Bhogi celebrated with gaiety in Andhra Pradesh

By Indo Asian News Service | Sunday, January 13, 2013 | 1:40:02 PM IST (+05:30 GMT) Comment 0 Comment

Hyderabad, Jan 13 (IANS) The three-day Makar Sankranti, the Telugu harvest festival, began Sunday with people setting bonfires on the streets with agricultural and household waste to mark 'Bhogi'.

Hyderabad, Jan 13 (IANS) The three-day Makar Sankranti, the Telugu harvest festival, began Sunday with people setting bonfires on the streets with agricultural and household waste to mark 'Bhogi'.

The celebrations started in the early hours with people cleaning their houses and burning old things in the belief that their lives would turn better. Many also wore new clothes.

Bonfires were seen on many streets in the colonies of Hyderabad with people burning their household waste and unwanted goods like old clothes, mats and broom sticks.

Bhogi, also known as Indran, is celebrated in honour of Hindu god Indra. Men, women and children went around the bonfires with prayers. Some sang songs and danced.

The day was celebrated with religious fervour and gaiety across the state, especially in the coastal Andhra region, famous for agricultural crops.

After thoroughly cleaning their houses, women folks set cow-dung balls called 'Gobbemma' and placed them akin to rangoli patterns.

They also went for fresh harvest of rice, turmeric and sugarcane. The houses were decorated with marigold flowers and mango leaves.

After special prayers in temples, the families prepared various dishes, especially Pongal, made of rice and daal.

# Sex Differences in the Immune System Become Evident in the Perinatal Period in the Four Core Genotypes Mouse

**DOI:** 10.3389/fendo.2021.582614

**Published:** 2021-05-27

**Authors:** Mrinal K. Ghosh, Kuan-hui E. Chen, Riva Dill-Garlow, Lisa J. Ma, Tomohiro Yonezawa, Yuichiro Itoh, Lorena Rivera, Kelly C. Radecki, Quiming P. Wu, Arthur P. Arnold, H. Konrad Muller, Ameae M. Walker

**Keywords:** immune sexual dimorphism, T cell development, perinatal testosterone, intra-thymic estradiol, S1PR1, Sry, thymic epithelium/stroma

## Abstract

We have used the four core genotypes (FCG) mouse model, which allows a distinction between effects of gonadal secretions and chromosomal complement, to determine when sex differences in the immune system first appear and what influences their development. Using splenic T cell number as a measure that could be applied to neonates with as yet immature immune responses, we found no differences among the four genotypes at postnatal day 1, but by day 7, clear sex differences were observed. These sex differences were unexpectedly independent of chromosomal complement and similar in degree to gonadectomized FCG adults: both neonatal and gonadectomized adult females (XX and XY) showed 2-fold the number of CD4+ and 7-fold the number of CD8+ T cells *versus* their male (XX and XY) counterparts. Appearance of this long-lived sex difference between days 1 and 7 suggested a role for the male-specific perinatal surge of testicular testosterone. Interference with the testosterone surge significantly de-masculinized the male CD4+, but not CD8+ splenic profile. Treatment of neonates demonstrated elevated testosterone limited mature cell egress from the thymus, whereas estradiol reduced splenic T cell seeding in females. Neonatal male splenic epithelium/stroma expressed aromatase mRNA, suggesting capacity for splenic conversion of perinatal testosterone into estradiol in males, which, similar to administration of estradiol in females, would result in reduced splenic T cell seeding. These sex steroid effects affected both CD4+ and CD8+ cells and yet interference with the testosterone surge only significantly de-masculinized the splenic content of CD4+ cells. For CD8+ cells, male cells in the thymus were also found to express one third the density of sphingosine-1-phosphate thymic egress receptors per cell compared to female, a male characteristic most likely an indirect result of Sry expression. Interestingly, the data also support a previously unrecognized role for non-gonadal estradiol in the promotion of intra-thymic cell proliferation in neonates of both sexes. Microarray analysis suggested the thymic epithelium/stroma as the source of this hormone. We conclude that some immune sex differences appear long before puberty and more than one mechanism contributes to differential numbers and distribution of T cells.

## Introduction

Makar Sankranti, one of the major festivals, is celebrated in several parts of the country in myriad cultural forms. It is celebrated for three days in Andhra Pradesh.

Rangoli, kite flying, decoration of bulls, cockfights, bull-fights and other rural sports mark the festival.

Towns and villages wore a festive atmosphere with colourful kites dotting the skies and people participating in competitions to mark the festival.

Despite the ban on cockfights, hundreds including politicians, businessmen and celebrities bet crores of rupees. Though police impose curbs in many towns and villages in coastal Andhra, people organized cock-fight saying it was part of their culture.

Three to four inch knives are attached to the cocks' legs and the fight continues till the death of one of the two cocks in each round.

The cock-fights, which began Sunday, will continue during the three-day celebrations.

Do you like this article?

Copyright  Indo-Asian News Service

User Rating  Rating(0 Votes)

Views  97

Readers Feedback & Discussion

Join India Forums for free to comment on this story. Have an account already? Login to comment.

News Religion Articles Index

  

Articles in National, Religion

Art - Culture Business Diaspora
Education Health Politics
Religion Sports Sci-Tech
Travel

AROUND THE WORLD NOW

Asia America Australia
Africa Europe Gulf-Middle East
Pakistan Nepal Bhutan
Sri Lanka Bangladesh Maldives

Disclaimer: All Logos and Pictures of various Channels, Shows, Artistes, Media Houses, Companies, Brands etc. belong to their respective owners, and are used to merely visually identify the Channels, Shows, Companies, Brands, etc. to the viewer. Incase of any issue please contact the webmaster.